Malaysian security forces have sought more funds to counter cyber threats and counter-terrorism operations for the 2018 budget.
Speaking at the Sabah state honors and awards investiture ceremony at Istana Negeri, Inspector-General of Police Tan Sri Mohamad Fuzi Harun said, “We hope the government will give attention to this especially in enhancing the use of information and communication technology widely, in particular related to cyber and social media that have become a problem to us.”
“Other than that, logistic issues such as needs for transport to carry out duty, especially Sabah and Sarawak are required. We need four-wheel-drive among others because the terrain (in the two states) is different from the peninsula. Moreover, we are also gearing up for the upcoming election so such logistic needs must be intensified as so to strengthen the force,” he told reporters.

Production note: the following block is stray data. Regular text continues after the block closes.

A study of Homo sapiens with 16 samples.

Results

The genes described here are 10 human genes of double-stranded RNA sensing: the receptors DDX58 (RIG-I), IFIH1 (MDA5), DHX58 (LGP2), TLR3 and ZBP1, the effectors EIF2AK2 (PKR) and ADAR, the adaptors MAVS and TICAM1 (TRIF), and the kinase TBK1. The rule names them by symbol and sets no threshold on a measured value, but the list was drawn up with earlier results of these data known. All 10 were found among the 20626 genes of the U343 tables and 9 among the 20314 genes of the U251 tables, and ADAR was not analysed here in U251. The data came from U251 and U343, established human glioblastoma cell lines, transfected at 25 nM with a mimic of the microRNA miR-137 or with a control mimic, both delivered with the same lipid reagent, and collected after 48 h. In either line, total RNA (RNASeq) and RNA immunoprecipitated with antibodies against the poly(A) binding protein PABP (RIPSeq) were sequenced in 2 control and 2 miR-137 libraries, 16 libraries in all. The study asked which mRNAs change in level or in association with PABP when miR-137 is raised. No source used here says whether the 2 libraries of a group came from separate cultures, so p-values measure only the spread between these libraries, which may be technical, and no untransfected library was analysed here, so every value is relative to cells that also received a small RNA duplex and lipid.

Notably, Malaysia ranked third most committed country in the world in strengthening cyber capabilities, in a survey by United Nations International Telecommunication Union (ITU).
In Malaysia, National Cyber Security Agency (NSCA) came into existence in 2016 and uses a variety of existing laws — including the Communication and Multimedia Act of 1998, the Defamation Act of 1957, and the Sedition Act of 1948 — to fight cyber threats.
To thwart rising cyber-attacks, country’s defense ministry in January 2017 launched the Cyber Defense Operations Centre (CDOC) to monitor sabotage against government networks.
The Southeast Asia state suffered 2,428 cyber-crimes from January to April this year while online fraud cases in 2016 had risen by 20 percent as compared to 2015.